Contrast between Michigan, Ohio State has rarely seemed so sharp


B) That quarterback Tate Forcier, the one-time freshman savior, committed five turnovers, including a fumble in the end zone that set up Ohio State's first touchdown?

C) That Michigan's much-maligned defense actually played one of its best games of the season, yet the Wolverines still lost?

D) That Saturday's final 21-10 score meant the Wolverines actually covered the spread?

Another long offseason has officially commenced in Ann Arbor now that Ohio State has sealed the Wolverines' second straight losing season for the first time since 1963. With a 1-7 Big Ten record (actually worse than last year's 2-6 mark) following a 4-1 start, Rich Rodriguez's approval rating is presumably hovering somewhere between 0 and 1 percent.

Contrary to much media speculation, Michigan is not going to fire the former West Virginia coach after just two seasons. AD Bill Martin has been outspoken in his support, and the school knows what an expensive and counterproductive move firing Rodriguez would be. The Wolverines are still trying to recover from a heavy slew of roster attrition upon Rodriguez's arrival, and they've already invested two years trying to shift to his philosophy and system.

But his leash only extends so much. Assuming Charlie Weis gets the heave ho at Notre Dame, Rodriguez will go into next season on the hottest of hot seats. He must spend the next nine months trying to upgrade Michigan's woeful talent level while simultaneously fending off endless speculation about his future.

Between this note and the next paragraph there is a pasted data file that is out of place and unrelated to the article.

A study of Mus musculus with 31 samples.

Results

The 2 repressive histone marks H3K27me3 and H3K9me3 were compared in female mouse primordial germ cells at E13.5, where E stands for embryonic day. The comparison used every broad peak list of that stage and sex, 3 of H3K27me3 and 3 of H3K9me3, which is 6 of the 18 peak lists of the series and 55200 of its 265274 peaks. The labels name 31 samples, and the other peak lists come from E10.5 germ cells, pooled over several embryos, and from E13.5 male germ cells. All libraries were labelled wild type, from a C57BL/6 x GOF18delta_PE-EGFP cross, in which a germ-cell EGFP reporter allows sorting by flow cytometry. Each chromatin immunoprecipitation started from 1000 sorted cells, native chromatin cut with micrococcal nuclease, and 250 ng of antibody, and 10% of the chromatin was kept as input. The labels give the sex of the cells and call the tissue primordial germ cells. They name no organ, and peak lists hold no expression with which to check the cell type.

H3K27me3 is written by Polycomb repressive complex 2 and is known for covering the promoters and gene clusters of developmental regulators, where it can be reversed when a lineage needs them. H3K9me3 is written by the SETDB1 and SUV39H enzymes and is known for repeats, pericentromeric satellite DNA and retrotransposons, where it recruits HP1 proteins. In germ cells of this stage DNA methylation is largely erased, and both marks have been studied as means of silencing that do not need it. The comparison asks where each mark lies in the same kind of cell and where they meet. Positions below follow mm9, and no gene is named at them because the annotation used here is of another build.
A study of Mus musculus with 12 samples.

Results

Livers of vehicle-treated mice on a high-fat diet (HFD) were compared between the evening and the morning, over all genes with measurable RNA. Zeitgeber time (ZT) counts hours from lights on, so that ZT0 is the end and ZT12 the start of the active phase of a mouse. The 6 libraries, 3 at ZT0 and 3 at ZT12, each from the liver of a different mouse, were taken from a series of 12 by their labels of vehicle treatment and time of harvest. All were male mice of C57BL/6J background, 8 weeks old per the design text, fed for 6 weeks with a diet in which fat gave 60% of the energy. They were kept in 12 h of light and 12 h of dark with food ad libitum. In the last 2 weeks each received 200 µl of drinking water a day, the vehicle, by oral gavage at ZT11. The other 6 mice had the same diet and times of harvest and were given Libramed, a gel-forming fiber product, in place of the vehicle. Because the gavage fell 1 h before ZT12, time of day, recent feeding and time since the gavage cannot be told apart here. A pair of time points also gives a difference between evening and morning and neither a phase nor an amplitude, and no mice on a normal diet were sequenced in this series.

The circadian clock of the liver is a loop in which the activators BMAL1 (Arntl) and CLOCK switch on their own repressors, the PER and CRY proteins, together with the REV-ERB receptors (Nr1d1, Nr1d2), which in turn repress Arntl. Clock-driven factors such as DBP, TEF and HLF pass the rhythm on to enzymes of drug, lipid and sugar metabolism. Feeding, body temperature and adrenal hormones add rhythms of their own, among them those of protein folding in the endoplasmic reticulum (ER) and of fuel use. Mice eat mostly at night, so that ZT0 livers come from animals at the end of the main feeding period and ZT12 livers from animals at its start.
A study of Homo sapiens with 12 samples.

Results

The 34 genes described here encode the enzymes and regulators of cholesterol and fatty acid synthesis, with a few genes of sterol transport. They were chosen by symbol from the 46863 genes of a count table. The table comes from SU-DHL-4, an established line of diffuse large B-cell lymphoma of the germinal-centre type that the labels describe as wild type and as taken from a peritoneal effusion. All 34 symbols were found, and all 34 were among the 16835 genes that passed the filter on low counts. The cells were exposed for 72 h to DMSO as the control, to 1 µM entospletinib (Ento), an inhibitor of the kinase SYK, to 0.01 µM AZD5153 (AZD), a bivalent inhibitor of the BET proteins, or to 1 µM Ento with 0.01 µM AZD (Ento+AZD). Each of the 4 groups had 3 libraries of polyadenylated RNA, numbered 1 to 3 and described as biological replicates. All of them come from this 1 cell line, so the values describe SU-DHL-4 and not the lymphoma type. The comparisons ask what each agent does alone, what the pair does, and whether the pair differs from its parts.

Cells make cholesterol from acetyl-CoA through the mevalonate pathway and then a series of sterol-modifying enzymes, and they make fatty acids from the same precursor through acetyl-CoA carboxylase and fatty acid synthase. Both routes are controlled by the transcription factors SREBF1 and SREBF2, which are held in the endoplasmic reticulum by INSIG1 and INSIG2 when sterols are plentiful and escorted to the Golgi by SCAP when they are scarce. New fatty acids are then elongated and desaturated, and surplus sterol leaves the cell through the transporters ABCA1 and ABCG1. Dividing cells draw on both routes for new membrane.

The Wolverines' state of flux has allowed their arch-rival to expand what was already a significant gap between the two programs. Remember, many Michigan fans soured on Lloyd Carr due in large part to his 1-6 record against Jim Tressel. On Saturday, Tressel's Buckeyes won for the eighth time in nine meetings with That Team Up North and captured their third outright Big Ten title in four years.

A week after running the ball down Iowa's throat, Tressel went back to the well, with OSU gaining 251 of its 318 yards on the ground. One notable difference: Quarterback Terrelle Pryor was a much bigger part of the run game, going for 74 yards on 19 attempts.

Even then, Michigan's defense kept it in the game with several big third-down stops (OSU converted just 4-of-15 attempts) and an interception of Pryor. They held the Buckeyes to just 14 points on offense. But with a chance to get within four points on a second-and-five at the Ohio State six-yard-line midway through the fourth quarter, Forcier threw his third of four interceptions. Dagger.

Led by safety Kurt Coleman, who will contend for All-America honors next month, the Buckeyes' dominant defense will carry them to their seventh BCS appearance in the past eight years, this time in Pasadena.

The contrast between Maize and Blue and Scarlet and Gray has rarely seemed sharper.